As someone who writes about women's health and sexuality for a living, I hold myself to certain standards where it comes to my daughter's education. So I teach Em the names of all of her body parts. I try to avoid passing along feelings of body shame. And in an attempt to teach her about consent and agency, I don't force her to kiss or hug anyone she does not want to kiss or hug.
She'll be just two in about a month, so I don't know how much benefit she gets from any of this.
But I do know that the unhealthy messages of a culture that continuously fails its women have a way seeping in, softly and insidiously, almost by osmosis.
And so I soldier on.
Happily, teaching Em the location of her vulva has been a cakewalk. But as she approaches 2, I know things will get much more complicated much more quickly. I'm going to have to teach her about things like gender and privacy. I'm going to have to teach her that Mommy likes to poop with the door closed for a reason, and that culturally established gender norms are not something with which she should concern herself.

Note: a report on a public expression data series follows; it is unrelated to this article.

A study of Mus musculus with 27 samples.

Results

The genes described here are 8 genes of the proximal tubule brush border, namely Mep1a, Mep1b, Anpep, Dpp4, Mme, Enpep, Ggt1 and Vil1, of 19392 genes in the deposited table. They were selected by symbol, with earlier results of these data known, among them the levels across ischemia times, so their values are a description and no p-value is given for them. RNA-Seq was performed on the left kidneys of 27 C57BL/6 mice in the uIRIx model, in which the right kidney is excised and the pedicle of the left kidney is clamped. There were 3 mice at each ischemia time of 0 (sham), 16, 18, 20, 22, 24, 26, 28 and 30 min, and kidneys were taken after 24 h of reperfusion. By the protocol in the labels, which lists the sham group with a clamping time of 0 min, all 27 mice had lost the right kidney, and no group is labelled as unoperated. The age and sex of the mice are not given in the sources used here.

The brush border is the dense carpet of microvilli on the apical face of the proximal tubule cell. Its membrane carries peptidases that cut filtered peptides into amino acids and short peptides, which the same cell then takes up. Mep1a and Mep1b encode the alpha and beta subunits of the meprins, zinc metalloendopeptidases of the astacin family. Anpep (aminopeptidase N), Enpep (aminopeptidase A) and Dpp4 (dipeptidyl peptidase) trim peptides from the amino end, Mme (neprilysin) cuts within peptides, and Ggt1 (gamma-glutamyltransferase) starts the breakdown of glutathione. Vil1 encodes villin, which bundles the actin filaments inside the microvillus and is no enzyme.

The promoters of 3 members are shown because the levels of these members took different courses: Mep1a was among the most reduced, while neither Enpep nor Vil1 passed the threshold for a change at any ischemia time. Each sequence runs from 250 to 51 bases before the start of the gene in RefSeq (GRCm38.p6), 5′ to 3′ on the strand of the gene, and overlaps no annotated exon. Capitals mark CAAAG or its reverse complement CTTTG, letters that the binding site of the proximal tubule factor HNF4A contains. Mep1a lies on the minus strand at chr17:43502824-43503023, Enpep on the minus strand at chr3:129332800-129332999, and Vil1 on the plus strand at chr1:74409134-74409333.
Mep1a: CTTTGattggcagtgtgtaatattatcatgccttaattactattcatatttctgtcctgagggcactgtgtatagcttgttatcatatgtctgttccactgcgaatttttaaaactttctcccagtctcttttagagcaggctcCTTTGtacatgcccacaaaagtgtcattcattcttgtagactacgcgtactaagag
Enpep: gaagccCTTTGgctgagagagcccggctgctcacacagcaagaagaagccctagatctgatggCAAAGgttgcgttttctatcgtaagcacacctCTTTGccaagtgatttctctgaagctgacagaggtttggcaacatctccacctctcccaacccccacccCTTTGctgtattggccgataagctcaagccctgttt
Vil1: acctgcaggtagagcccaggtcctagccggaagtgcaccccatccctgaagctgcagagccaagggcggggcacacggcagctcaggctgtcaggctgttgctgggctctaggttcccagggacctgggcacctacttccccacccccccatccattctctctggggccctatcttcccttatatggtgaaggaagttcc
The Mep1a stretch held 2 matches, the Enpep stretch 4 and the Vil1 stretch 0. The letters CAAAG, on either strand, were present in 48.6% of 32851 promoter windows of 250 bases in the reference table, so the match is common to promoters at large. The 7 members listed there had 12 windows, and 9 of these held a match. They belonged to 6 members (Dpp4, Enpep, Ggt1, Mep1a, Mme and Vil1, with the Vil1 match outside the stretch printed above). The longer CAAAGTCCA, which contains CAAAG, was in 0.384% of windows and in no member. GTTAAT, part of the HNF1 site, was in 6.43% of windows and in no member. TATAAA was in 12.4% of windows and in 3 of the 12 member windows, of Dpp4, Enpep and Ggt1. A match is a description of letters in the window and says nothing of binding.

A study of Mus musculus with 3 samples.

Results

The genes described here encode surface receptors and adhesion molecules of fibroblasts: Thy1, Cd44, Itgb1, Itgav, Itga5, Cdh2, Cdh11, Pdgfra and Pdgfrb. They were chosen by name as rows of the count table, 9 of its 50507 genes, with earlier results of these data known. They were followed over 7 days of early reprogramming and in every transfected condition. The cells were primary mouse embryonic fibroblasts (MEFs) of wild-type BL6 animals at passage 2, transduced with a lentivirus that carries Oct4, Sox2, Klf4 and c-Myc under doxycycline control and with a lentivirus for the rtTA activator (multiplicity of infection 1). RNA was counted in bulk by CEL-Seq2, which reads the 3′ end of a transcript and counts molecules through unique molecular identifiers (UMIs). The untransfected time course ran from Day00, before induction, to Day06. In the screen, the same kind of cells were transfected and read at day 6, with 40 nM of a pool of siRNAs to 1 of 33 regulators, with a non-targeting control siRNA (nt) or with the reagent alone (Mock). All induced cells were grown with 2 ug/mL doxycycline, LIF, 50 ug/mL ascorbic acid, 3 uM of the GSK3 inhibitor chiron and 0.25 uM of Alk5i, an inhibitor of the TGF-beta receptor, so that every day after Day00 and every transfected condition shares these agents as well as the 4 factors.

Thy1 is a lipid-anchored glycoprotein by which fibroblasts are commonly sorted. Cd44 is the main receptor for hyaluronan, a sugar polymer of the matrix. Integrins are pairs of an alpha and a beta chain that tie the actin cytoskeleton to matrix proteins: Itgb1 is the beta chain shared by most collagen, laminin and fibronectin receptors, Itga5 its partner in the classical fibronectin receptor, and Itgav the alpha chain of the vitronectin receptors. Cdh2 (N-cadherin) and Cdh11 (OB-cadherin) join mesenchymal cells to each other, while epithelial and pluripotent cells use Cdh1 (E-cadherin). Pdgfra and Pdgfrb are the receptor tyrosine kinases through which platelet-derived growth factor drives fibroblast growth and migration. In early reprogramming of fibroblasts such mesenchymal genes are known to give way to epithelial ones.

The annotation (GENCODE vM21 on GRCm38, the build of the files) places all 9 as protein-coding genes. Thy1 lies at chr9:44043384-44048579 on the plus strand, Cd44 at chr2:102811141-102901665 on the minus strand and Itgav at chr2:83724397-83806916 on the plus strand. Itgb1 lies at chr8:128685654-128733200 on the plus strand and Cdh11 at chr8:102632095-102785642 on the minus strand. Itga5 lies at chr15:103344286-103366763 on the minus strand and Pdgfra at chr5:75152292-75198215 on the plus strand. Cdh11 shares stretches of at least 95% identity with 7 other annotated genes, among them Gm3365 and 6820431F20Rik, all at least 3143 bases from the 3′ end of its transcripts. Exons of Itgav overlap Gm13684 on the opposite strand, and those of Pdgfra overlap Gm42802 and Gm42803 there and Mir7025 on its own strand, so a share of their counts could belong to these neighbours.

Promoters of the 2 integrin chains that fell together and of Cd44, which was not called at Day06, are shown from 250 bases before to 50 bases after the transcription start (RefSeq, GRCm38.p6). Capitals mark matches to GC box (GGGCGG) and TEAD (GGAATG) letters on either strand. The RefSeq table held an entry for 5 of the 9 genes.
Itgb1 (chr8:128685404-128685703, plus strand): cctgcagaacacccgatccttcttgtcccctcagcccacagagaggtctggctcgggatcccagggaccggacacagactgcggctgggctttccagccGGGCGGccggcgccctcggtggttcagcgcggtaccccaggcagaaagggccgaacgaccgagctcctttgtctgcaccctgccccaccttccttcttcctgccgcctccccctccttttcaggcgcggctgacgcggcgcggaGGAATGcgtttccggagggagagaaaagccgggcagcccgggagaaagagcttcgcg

But I know that throwing a few board books her way and hoping she gets the picture isn't going to be enough. (I know this because that was a main component of my first attempt at potty training my daughter.)
If I expect her to grow up as a knowledgeable young woman with a healthy sense of her own sexuality, I'm going to have to learn how to talk the talk... at her level.
No. If I expect her to grow up as a knowledgeable young woman with a healthy sense of her own sexuality, I'm going to have to learn how to talk the talk... at her level.
Which is why I'm now simultaneously reading three different books on how to teach your children about sexuality from birth on, all of which I'm finding indispensable:
And then there's my favorite, Deborah M. Roffman's "Sex & Sensibility: The Thinking Parent's Guide to Talking Sense About Sex." I'm a huge fan of Roffman's friendly, open, and easygoing tone, bolstered by her own stories of missteps in the parenting trenches. Beyond this, she does a brilliant job of showing readers how to approach difficult topics with their children... no matter their cultural or religious background, or their belief system.